The Face of Christ
[Gen.22:1-2, 9-13, 15-18; Rom.8:31-34; Mk.9:2-10]
What does Jesus look like? The Gospels really don’t tell us. Perhaps the closest we get to a description of Jesus is in Matthew 26:48, when Judas kisses him so that the soldiers can find him in the crowd. This suggests that he looks like most other Jewish men in Palestine.
In his book The Face of Jesus, Edward Lucie-Smith says that 2nd Century theologians like Justin Martyr thought Jesus was physically quite ordinary. But later on, St Augustine and St Jerome described Jesus as beautiful in face and body. St Augustine said he was ‘beautiful as a child, beautiful on earth, beautiful in heaven’.
Today, most people think of Jesus as handsome, bearded and long-haired, an image strongly influenced by the Shroud of Turin. Over the years, however, Jesus has been portrayed in countless ways, and his image (especially his face) has been called the most important image in Western Art since 312AD. [i]
St Jerome once said, ‘The face is the mirror of the mind’. We say so much through our faces, even when we’re silent. Perhaps that’s why God says ‘Seek my face’ (Ps.27:8).
Why, then, did God say to Moses on Mount Sinai, ‘You cannot see my face; for no one shall see my face and live’ (Ex.33:20)?
It’s because God is spirit (Jn.4:24) and has no body (Num.23:19). But as St Paul tells us, the son is the image of the invisible God (Col.1:15). So now we can see God the Father in the human face of his son, Jesus.
In today’s Gospel, Peter, James and John witness Jesus’ transfiguration atop Mt Tabor. For just a moment, Jesus’ clothes become dazzlingly white; his face shines like the sun, and they can see who he really is – both human and divine.
Since then, many people have sought to know Jesus by contemplating his face. When St Therese of Lisieux became a Carmelite nun in 1889, she adopted the name ‘Therese of the Child Jesus and the Holy Face’.
Jesus’ image was everything to Therese. It inspired her to look for his hidden face everywhere, and she wrote many prayers expressing her love for him. In her Canticle to the Holy Face (1895) she wrote, ‘Jesus, your… image is the star which guides my steps… Your sweet face is for me heaven on earth’.
She also wrote, ‘Make me resemble you, Jesus!’ on a small card and put a stamp of the Holy Face on it. She kept it in a little box pinned near her heart.
Her sister Celine said, ‘Just as the picture of a loved one serves to bring the whole person before us, so in the Holy Face of Christ Therese beheld the entire humanity of Jesus… Her devotion was the burning inspiration of (her) life.’ [ii]
Today, most people really aren’t much interested in Jesus’ Holy Face. The only face they really care about is their own; and some people don’t even like the one they’ve been given. They’d rather spend a fortune changing it.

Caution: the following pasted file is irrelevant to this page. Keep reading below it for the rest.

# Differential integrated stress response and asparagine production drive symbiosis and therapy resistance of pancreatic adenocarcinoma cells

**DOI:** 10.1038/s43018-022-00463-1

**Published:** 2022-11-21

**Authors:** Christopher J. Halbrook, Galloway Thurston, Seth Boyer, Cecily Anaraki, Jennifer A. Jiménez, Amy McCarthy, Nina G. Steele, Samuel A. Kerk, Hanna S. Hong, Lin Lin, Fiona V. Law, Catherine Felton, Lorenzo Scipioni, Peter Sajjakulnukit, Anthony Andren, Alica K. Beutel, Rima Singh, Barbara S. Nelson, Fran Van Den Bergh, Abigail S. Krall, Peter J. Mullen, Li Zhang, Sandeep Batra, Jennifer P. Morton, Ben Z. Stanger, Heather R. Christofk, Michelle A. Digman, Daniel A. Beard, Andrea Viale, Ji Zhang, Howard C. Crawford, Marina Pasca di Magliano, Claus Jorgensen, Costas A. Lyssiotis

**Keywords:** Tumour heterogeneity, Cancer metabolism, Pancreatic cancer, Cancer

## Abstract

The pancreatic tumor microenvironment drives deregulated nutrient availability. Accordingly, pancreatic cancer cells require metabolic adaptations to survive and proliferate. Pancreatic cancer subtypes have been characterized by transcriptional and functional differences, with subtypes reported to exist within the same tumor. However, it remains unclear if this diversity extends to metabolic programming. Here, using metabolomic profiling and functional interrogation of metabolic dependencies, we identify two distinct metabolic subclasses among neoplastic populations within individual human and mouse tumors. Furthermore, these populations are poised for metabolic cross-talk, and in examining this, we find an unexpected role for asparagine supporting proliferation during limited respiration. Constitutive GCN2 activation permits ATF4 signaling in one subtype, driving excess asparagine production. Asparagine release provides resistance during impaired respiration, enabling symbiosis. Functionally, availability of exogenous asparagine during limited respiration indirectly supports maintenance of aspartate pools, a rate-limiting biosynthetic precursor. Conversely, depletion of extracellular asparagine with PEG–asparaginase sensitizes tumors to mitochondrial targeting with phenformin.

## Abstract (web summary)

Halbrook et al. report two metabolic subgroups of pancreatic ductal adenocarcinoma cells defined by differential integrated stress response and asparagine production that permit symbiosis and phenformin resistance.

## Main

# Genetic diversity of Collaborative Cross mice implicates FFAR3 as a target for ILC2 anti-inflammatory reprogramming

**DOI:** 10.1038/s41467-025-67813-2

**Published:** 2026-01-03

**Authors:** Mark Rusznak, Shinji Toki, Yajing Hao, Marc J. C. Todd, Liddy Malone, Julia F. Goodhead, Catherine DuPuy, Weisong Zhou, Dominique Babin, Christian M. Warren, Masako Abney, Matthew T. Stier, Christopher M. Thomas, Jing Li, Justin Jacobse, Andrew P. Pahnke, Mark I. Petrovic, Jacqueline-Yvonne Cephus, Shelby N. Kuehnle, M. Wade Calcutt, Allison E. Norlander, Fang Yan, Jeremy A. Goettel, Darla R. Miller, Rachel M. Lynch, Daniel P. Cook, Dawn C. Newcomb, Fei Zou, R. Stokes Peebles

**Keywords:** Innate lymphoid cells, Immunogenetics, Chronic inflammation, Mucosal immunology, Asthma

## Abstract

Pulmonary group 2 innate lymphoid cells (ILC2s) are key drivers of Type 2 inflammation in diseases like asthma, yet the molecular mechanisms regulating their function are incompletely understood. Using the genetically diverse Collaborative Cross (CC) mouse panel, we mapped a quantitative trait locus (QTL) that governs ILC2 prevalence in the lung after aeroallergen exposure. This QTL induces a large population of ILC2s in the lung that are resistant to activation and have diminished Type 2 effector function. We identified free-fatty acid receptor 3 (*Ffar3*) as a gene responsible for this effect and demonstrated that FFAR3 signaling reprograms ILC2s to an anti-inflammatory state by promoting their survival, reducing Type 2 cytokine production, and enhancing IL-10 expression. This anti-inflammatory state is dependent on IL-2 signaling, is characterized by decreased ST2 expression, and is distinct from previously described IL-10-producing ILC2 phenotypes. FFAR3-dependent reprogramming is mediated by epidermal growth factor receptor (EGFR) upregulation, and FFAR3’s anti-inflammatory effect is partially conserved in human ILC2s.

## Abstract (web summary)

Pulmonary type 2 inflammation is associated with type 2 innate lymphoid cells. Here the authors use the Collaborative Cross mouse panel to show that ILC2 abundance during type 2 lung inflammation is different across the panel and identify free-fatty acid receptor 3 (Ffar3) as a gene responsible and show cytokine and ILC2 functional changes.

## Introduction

As Shakespeare said in Hamlet, ‘God has given you one face, and you make yourself another’. [iii]
Indeed, Thomas Merton once wrote that our lives are shaped by what we live for. We become what we desire. [iv] And what did Merton desire? He answers that question in his book, The Sign of Jonas. He said: ‘I have one desire, the desire for solitude, to be lost in the secret of God’s face.’
This must be our desire, too, if we really want to be ourselves, because we’re all made in the image and likeness of God (Gen.1:27). And if you think about it, contemplating the face of Christ is actually contemplating our own identity and destiny.
In Mere Christianity, CS Lewis says that the only way to find our real selves, and to be our real selves, is in Jesus. He says we cannot fully be ourselves without Jesus because that’s where we come from.
And he adds that we’re all meant to be different, reflecting different facets of Jesus himself.
But the more I resist Jesus, he says, the more I become dominated by my own natural urges and the influences of the world around me, and we all end up the same.
He asks, ‘Have you ever noticed how monotonously alike all the great tyrants and conquerors have been, and how gloriously different all the saints are?’
When you focus only on yourself, in the end you’ll only find hatred, loneliness, despair, ruin and decay.
But if you focus on Christ, you’ll find him and everything else your heart is looking for. [v]
In other words, when you lovingly search the face of Christ, what you eventually find is yourself.
[i] Edward Lucie-Smith. The Face of Jesus. Abrams, New York. 2011:14-18.
[iii] William Shakespeare. Hamlet. Act 3, Scene 1.
[iv] Thomas Merton, Choosing to Love the World: On Contemplation. Sounds True, Boulder CO. 2008:127.
[v] C.S. Lewis, Mere Christianity. Touchstone, New York, 1996:190-191 (adapted).